By: Ehimwenma E. Aimiuwu
2006

 

 

I never really cared about basketball until Hakeem Olajuwon became the top NBA basketball star around 1994.  I started falling in love with the game temporarily and with a lot of the players as well.  I remember Charles Barkley, Patrick Ewing, David Robinson, Karl Malone, Stockton, and John Stacks, just to name a few.  I also remember Jordan quitting and coming back to play after two years.  Whenever Jordan was retiring or coming back to play, it was a national news topic.  The subject was discussed in every bus stop, office, and restaurant.  President Clinton in 2000-2001, even said jokingly that Jordan’s second comeback would be good for the American economy.   

 

By the time I started watching basketball, I did not even know that Joe Dumars was still playing.  I did not even know who he really was, except for the couple of times that his face was shown on past documentaries, nor did I know the current team he was now playing for.  One day about 2001-2002, after I returned from work, I heard in the evening news that Joe Dumars had retired.   It was the sorriest announcement any basketball player who had won a couple of championships with a team called the “bad boys” could get.  The news announcer, who should have been cautioned, said that Joe Dumas will be remembered as “a gentleman who played the game and kept his mouth shot”.  I would like to think that a gentleman should at least get his playing stats read, some clips of his playing days shown, or a section of an interview about his resignation.  The gentleman of the Detroit Piston’s “bad boys” champions only got a sentence and picture.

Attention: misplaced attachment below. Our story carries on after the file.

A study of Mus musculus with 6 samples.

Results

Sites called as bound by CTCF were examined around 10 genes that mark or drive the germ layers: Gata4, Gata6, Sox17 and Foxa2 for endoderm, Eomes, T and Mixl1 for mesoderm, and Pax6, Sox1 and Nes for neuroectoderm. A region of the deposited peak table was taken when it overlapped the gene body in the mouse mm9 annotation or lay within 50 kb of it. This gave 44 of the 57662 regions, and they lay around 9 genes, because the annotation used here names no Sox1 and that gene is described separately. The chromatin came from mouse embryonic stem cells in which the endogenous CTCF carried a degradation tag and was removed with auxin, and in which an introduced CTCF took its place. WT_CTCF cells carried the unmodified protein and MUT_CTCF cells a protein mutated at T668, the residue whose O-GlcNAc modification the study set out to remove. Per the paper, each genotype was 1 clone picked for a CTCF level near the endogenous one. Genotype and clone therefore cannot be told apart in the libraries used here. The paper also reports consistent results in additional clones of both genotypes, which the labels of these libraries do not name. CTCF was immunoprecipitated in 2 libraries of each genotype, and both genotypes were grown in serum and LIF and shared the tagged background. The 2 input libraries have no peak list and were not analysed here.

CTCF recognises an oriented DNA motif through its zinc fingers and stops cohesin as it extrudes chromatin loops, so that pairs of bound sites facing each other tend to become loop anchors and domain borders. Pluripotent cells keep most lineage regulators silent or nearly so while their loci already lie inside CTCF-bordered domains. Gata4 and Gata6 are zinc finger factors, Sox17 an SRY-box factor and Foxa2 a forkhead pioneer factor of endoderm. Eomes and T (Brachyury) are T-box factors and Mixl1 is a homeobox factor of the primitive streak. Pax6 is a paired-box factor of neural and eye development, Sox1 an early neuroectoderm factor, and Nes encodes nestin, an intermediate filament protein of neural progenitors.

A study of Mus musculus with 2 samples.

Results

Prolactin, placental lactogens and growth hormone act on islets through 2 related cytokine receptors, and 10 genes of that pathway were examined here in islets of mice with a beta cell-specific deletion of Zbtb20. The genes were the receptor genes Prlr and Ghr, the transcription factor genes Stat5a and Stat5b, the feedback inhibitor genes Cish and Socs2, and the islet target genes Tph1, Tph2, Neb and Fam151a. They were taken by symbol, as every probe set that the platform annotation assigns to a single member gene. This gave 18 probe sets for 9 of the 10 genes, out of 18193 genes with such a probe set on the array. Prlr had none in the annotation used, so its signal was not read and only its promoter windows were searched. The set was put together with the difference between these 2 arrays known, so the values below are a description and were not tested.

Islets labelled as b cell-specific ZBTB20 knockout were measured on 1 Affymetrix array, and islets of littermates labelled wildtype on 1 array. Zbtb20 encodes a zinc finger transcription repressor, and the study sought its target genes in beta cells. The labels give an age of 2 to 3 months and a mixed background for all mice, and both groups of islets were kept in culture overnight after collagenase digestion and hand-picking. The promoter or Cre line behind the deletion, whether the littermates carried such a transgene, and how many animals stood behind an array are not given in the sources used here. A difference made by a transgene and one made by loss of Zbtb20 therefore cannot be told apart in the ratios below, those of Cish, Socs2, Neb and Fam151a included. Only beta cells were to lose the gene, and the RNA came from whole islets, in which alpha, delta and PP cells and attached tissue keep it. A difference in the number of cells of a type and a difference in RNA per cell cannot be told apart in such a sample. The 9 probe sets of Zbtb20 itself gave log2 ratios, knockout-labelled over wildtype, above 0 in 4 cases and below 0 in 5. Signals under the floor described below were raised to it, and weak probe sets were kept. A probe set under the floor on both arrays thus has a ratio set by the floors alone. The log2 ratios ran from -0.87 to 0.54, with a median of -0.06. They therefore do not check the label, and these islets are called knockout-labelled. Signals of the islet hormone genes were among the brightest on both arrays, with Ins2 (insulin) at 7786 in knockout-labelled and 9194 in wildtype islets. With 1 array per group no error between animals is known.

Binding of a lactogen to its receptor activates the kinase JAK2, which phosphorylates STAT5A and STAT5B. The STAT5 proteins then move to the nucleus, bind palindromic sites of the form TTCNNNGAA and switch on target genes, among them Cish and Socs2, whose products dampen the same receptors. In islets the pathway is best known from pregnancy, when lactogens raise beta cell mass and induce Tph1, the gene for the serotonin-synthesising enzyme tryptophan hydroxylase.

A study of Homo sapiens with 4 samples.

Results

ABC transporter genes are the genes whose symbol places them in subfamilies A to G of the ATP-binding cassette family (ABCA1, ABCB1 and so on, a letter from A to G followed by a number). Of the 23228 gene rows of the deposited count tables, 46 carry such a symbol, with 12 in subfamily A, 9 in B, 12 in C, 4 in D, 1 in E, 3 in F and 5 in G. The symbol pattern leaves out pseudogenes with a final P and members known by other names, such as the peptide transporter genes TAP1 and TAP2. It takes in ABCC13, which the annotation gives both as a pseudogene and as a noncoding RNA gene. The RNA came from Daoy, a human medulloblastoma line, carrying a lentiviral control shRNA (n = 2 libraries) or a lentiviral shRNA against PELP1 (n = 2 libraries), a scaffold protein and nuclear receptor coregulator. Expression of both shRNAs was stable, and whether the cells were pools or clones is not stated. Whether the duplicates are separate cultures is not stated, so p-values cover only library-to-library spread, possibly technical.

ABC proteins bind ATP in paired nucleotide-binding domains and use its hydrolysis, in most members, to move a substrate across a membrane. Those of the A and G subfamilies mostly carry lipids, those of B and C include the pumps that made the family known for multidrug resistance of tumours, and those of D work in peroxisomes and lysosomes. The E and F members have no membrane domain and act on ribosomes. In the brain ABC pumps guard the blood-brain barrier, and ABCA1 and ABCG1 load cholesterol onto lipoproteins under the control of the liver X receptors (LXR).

My soul was burning from within because it became clear that the media was more interested in portraying roughness and irresponsibility over gentlemanliness.  About this time, Dennis Rodman, a former member and teammate in the Detroit Piston “bad boys”, who was more interested in coloring his hair, fighting other players, and arguing with referees got more media attention that anybody in basketball.  Even on days he was not playing, they will show us how he paints his nails and dresses like a woman for minutes.  I then had a flashback of when a professor once showed us a magazine.  At the top left corner of the page was an African American athlete that won some Olympic or sports medal and at the bottom right corner was the same guy in an academic gown.  The sports picture was bright and full of colors while the academic picture was dull and was in black and white.  The point of the professor was that the media was more interested in portraying African Americans as sports people rather than academicians and intellectuals.  He claimed that they both could have been in colors and the academic picture could have been at the top left where people began their reading.  I will not fail to add the number of times that my Europeans friends asked me in college if I was in college on a sports scholarship.  At this point, I felt maybe it was better for an African American man to be rude, loud, and do whatever it takes to get attention and promotion in his trade.  After all, while athletes, who fought and acted irresponsibly, got airtime on TV and radio, a publicly pronounced gentleman got a sentence.

 



As years went by about 2003-2004, the current Detroit Piston basketball team won the NBA championships.  While they were presenting the trophy to them, Joe Dumars was also called upon to receive the trophy on behalf of the teams and below his name on TV, they wrote “Detroit Piston: Vice President of Operations”.  At once, I jumped for joy.  I rejoiced not because I knew Joe Dumars or ever watched him play, but because he represented a victory for being a gentleman.  While all his bad acting and media attention seeking colleagues were falling by the way side to suspensions and fines, or being left in the cold after retirement, the insignificant gentleman who got only a sentence on the last day of his long and accomplished career was now the VP of a sports franchise.  Today, at the barber shop, the ESPN channel announced that seven people, which included players, coaches, and sponsors, were inducted into the Basketball Hall of Fame yesterday, and Joe Dumars was one of them.